The price of key crops could rise by up to 180%, Oxfam says Continue reading the Food prices 'threaten millions'
More food market regulation urged
The prices of staple foods will more than double in 20 years unless world leaders take action to reform the global food system, Oxfam has warned.
By 2030, the average cost of key crops will increase by between 120% and 180%, the charity forecasts.
Half of that increase will be caused by climate change, Oxfam predicts, in its report Growing a Better Future.
It calls on world leaders to improve regulation of food markets and invest in a global climate fund.
"The food system must be overhauled if we are to overcome the increasingly pressing challenges of climate change, spiralling food prices and the scarcity of land, water and energy," said Barbara Stocking, Oxfam's chief executive.
Women and children
In its report, Oxfam highlights four "food insecurity hotspots", areas which are already struggling to feed their citizens.
We are sleepwalking towards an avoidable age of crisis - one in seven people go hungry every day despite the fact that the world is capable of feeding everyone”
Oxfam chief executive
in Guatemala, 865,000 people are at risk of food insecurity, due to a lack of state investment in smallholder farmers, who are highly dependent on imported food, the charity says.
in India, people spend more than twice the proportion of their income on food than UK residents - paying the equivalent of £10 for a litre of milk and £6 for a kilo of rice.
in Azerbaijan, wheat production fell 33% last year due to poor weather, forcing the country to import grains from Russia and Kazakhstan. Food prices were 20% higher in December 2010 than the same month in 2009.
in East Africa, eight million people currently face chronic food shortages due to drought, with women and children among the hardest hit.
The World Bank has also warned that rising food prices are pushing millions of people into extreme poverty.
In April, it said food prices were 36% above levels of a year ago, driven by problems in the Middle East and North Africa.
Oxfam wants nations to agree new rules to govern food markets, to ensure the poor do not go hungry.
It said world leaders must:
increase transparency in commodities markets and regulate futures markets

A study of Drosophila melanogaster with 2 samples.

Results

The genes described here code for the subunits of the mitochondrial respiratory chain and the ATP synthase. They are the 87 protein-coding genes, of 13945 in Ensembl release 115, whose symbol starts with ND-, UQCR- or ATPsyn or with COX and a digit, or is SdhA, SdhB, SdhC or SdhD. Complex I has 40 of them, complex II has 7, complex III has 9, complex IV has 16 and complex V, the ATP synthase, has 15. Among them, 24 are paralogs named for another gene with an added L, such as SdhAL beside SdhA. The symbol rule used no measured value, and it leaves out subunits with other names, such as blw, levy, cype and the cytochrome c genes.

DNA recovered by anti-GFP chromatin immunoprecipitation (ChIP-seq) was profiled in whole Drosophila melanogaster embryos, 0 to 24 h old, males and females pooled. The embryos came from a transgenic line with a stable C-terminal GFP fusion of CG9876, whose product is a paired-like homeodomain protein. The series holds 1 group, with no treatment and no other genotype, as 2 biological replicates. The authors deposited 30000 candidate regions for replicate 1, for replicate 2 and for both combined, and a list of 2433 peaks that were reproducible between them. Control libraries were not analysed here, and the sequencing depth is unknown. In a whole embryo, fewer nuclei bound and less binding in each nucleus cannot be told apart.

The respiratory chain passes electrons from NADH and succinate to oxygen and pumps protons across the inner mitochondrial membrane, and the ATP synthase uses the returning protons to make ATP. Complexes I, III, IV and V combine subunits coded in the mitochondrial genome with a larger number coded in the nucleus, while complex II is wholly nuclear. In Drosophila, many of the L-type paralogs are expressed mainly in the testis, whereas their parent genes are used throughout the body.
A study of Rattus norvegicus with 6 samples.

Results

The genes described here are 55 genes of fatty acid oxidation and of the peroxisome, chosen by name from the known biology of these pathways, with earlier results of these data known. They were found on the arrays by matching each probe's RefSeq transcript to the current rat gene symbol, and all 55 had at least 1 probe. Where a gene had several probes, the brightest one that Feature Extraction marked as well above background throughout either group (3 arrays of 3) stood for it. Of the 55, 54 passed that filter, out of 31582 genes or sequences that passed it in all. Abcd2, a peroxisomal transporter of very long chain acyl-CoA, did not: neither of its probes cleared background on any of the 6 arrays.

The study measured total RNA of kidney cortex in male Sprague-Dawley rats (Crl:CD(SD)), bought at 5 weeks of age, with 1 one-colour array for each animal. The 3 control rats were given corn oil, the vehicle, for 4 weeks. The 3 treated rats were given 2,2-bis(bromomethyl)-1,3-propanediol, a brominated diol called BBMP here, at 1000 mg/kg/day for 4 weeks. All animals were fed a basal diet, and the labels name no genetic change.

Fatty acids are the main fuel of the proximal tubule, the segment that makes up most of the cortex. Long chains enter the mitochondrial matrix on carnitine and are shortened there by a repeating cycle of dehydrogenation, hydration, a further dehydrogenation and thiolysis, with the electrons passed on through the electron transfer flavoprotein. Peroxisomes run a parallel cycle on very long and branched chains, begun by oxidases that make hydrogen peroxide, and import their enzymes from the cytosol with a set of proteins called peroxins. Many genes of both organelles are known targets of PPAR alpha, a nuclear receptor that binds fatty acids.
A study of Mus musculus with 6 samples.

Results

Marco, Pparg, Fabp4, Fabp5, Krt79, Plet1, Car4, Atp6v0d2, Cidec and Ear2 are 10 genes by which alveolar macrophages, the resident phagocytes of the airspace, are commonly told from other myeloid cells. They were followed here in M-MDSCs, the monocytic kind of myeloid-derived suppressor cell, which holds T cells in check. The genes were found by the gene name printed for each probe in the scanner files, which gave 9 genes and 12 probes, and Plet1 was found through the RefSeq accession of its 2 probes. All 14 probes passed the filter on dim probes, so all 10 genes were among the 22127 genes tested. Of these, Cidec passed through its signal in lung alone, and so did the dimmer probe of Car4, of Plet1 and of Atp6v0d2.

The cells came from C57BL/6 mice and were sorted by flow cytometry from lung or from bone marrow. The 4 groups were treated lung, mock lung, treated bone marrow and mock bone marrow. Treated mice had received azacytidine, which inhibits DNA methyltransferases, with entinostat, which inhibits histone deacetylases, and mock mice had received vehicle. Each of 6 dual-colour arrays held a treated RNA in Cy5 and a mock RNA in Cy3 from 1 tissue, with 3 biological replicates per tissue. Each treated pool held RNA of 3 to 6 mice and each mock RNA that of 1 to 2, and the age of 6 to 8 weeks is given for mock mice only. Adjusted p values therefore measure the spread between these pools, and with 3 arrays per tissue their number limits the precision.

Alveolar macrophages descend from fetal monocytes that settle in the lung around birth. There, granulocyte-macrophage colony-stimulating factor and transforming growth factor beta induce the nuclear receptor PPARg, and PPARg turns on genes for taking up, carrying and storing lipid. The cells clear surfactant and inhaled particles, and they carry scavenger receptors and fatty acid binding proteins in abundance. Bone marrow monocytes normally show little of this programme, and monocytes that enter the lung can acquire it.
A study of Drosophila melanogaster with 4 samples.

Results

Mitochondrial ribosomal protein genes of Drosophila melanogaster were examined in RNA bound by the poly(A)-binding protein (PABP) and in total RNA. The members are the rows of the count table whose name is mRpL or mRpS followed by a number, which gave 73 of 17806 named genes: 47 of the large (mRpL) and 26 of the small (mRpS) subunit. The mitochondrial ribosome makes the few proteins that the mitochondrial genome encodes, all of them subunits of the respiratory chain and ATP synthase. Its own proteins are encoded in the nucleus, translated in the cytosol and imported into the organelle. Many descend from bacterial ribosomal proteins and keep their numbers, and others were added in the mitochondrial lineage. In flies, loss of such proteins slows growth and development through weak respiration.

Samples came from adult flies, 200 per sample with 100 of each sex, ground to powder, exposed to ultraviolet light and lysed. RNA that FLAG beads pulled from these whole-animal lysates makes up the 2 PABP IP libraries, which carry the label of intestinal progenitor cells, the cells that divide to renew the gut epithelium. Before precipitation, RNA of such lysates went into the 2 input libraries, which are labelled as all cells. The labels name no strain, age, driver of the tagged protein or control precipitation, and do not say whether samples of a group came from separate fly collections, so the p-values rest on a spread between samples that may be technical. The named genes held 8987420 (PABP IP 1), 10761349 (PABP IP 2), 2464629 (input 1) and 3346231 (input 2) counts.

scale up food reserves
end policies promoting biofuels
invest in smallholder farmers, especially women
"We are sleepwalking towards an avoidable age of crisis," said Ms Stocking.
"One in seven people on the planet go hungry every day despite the fact that the world is capable of feeding everyone."
Among the many factors driving rising food prices in the coming decades, Oxfam predicts that climate change will have the most serious impact.
Ahead of the UN climate summit in South Africa in December, it calls on world leaders to launch a global climate fund, "so that people can protect themselves from the impacts of climate change and are better equipped to grow the food they need".
From the BBC.
But what this article does not mention that it is the corrupt rotten system of capitalism that has led us to this position. The hunger for profit has come before the hunger for feeding the world. The fact that climate change has occured can be directly attibuted to capitalism and its exploitation of the earth. The only reason there will be further food shortages in the future will be down to this unfair system and only a over throw of this system to a fairer socialist society will be able to benifit the many not just the few.
In rich countries such as America and the United Kingdom so much food is wasted yet so much of the world goes hungry, How can this be ?
Mass over production of food in the west is not expropriated around the world. There is no collaboration to help poorer nations feed their population and that i'm afraid is a disgrace that we continue to allow to happen in 2011.